Like many of you, I have read The Girl on the Train by Paula Hawkins (really liked), Gone Girl by Gillian Flynn (liked), the other Gillian Flynn books (meh-slash-too-creepy) but here are a handful more books from that same genre that might be of interest. Honestly, I should stay far away from these books as they leave me feeling icky but I also eat french onion dip on occasion which also gives me an icky feeling later on so… I dunno. What is bad for you is rather delicious sometimes.
The Wicked Girls is the story of two girls who were accused and punished for the murder of a 4-year-old girl. Many years pass and the girls (now women) are not in communication with each other until a new murder re-connects them. This was a dark novel from the very start that only got darker. It left me with major heebie jeebies. I mean, you add evil doings at an amusement park to the plot and that is not an easy image to shake off when you are done reading. It was well-written for the most part (although a little confusing with the jumping around in time and too many characters) but overall I found it to be a very sad and depressing novel. You don’t have much hope for anyone nor are you particularly sympathetic to anyone. I will try other books by this author but wouldn’t necessarily recommend this one.
Luckiest Girl Alive by Jessica Knoll
This was Jessica Knoll’s first book and frankly it shows. She has promise as an author but the writing and plot development felt so clunky and amateur. The story opens with Ani and her tightly controlled life – a life that is perfect and enviable and she wants you to know it. Ah, but things aren’t actually that great or enviable! Her past, back when she was called TifAni, was dark and haunted because…DUN DUN DUN. That is the book – jumping back and forth between Ani and her increasingly unravelling current life and TifAni and her troubled youth. You get the full story piece by tiny incremental piece. I was left at the end going, “What? But…why set it all up like this?” I don’t want to give any spoilers so I have to stop there but I was NOT satisfied with the ending. And for parents, please note that this book left me feeling really bothered as it includes a very vivid and multi-page description of a parent’s worst nightmare. It was too much and it felt wrong given that it is based on something that has happened in real life. I would not recommend this book. It has its moments and I would give the author another chance but this one isn’t deserving of the tremendous amount of positive press it has gotten. Might make a good movie though if they dial down the aforementioned horrible event from TifAni’s youth and tweak the character of TifAni’s teacher/cross-country coach. But even then…I don’t think I would watch it.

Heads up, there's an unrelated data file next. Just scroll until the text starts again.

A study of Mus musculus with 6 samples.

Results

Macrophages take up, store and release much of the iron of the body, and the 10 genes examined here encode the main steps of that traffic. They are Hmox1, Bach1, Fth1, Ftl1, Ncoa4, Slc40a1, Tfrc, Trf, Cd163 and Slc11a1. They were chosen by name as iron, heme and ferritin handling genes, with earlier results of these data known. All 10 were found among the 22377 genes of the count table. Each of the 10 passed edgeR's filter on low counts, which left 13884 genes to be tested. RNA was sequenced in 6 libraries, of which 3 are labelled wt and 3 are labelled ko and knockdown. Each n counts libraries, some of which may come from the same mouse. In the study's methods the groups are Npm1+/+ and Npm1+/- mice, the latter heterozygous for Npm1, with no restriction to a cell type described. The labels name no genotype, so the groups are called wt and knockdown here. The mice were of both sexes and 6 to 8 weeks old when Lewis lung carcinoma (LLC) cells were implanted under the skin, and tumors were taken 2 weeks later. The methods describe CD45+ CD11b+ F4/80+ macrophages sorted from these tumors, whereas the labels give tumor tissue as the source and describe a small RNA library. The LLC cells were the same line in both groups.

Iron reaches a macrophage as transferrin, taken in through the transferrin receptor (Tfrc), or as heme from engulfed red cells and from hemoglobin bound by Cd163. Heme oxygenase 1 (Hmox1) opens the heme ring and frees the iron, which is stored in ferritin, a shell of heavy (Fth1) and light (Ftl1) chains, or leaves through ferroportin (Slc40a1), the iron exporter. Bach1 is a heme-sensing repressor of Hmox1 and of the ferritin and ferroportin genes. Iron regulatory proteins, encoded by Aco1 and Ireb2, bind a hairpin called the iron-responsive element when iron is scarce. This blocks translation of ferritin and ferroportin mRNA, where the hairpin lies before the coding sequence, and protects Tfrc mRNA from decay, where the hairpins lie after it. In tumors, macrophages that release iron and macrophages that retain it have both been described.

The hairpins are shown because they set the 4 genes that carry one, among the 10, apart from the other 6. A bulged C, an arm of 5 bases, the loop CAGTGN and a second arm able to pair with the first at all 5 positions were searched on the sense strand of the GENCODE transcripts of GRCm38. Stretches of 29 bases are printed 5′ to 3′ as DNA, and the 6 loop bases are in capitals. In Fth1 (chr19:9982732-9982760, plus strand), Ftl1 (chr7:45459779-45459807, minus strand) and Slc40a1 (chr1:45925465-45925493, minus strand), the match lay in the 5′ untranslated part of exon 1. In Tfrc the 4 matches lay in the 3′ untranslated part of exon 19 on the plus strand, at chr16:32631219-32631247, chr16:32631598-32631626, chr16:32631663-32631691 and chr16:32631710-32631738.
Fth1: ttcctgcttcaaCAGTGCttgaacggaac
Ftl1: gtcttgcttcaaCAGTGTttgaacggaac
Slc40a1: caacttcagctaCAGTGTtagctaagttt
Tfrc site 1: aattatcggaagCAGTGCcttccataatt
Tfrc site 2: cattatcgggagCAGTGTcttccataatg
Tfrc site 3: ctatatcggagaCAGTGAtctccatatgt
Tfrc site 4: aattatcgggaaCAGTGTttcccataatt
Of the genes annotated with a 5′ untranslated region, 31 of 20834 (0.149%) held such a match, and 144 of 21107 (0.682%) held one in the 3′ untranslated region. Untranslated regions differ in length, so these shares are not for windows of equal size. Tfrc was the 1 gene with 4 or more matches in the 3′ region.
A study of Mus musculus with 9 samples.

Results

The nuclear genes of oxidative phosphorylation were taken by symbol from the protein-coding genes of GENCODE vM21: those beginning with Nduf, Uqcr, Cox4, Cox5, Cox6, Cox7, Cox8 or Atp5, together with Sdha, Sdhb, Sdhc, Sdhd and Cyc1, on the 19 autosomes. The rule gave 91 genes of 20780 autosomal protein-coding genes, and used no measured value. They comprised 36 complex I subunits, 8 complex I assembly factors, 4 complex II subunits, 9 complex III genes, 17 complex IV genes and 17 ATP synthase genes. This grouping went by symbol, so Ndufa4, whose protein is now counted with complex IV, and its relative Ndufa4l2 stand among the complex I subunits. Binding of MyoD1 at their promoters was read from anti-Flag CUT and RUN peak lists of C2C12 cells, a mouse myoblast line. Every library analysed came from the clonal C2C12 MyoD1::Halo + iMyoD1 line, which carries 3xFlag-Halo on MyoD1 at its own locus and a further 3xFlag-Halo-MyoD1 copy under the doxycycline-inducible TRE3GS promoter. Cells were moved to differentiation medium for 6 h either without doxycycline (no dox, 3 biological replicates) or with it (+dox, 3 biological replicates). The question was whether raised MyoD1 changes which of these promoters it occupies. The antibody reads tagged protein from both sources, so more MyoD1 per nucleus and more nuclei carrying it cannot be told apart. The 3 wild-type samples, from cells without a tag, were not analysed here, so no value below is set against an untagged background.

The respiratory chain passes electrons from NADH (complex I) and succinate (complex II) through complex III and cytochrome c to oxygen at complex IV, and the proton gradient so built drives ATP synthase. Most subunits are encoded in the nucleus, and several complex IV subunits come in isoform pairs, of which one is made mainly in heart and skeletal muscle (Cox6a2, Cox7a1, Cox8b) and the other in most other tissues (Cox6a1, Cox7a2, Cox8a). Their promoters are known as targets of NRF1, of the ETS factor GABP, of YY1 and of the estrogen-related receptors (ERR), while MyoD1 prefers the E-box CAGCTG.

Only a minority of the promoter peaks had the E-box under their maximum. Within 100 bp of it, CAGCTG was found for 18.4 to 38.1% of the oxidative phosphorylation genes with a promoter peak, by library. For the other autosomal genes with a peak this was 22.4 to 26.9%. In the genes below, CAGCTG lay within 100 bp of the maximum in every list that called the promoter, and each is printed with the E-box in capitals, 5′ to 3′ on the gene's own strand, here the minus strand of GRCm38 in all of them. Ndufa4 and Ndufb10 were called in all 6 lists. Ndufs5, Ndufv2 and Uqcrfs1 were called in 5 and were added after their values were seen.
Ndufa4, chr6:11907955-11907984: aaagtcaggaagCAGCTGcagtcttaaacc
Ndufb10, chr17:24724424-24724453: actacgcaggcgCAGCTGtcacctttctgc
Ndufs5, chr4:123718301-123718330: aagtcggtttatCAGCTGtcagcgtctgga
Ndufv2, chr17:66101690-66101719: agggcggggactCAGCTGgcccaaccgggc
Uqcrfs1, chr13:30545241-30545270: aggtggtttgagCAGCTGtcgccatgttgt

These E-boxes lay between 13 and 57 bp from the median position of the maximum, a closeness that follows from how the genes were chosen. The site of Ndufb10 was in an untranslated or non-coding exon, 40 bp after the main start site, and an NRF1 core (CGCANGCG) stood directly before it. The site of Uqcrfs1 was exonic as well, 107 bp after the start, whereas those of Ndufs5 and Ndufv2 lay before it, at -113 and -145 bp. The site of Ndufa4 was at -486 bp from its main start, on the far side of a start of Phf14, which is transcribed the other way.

The Kind Worth Killing by Peter Swanson
A married man meets a beautiful woman in an airport bar and ends up playfully saying he wants to kill his wife. Crazy enough, beautiful woman in the bar wants to help him! The premise was kind of dumb to be honest, but I was willing to play along with it and the book was enjoyable. I liked The Girl on the Train and Gone Girl better but this was still a fun one to untangle and did not leave me feeling sick.
The Faithful Place by Tana French
Tana French is a solid author who writes compelling work. She has well-developed characters, settings that feel vivid as a reader, and mesmerizing plots. Faithful Place is the location of the Dublin childhood home of Frank Mackey. He has avoided it ever since his girlfriend, Rosie, failed to meet him for their planned escape from their rough lives. When Rosie’s suitcase is found hidden in an abandoned house, Frank – now a private detective – makes the decision to return home. Twisty and turny and smart. I fully recommend this book!
The Secret Place by Tana French
This book still shows Tana French’s chops as a writer but I didn’t find it as impressive as The Faithful Place. It is the story of Frank Mackey’s now teenage daughter and the murder at her boarding school. The storyline jumps back and forth and it kept me reading way too late so I could figure out what happened. One gripe would be the voices of the teenage girls didn’t feel authentic – sometimes too mature sounding and other times eye-rollingly cliched and immature. And some other characters seemed overly one-note and not as well-developed. Gripes aside, still worth a read.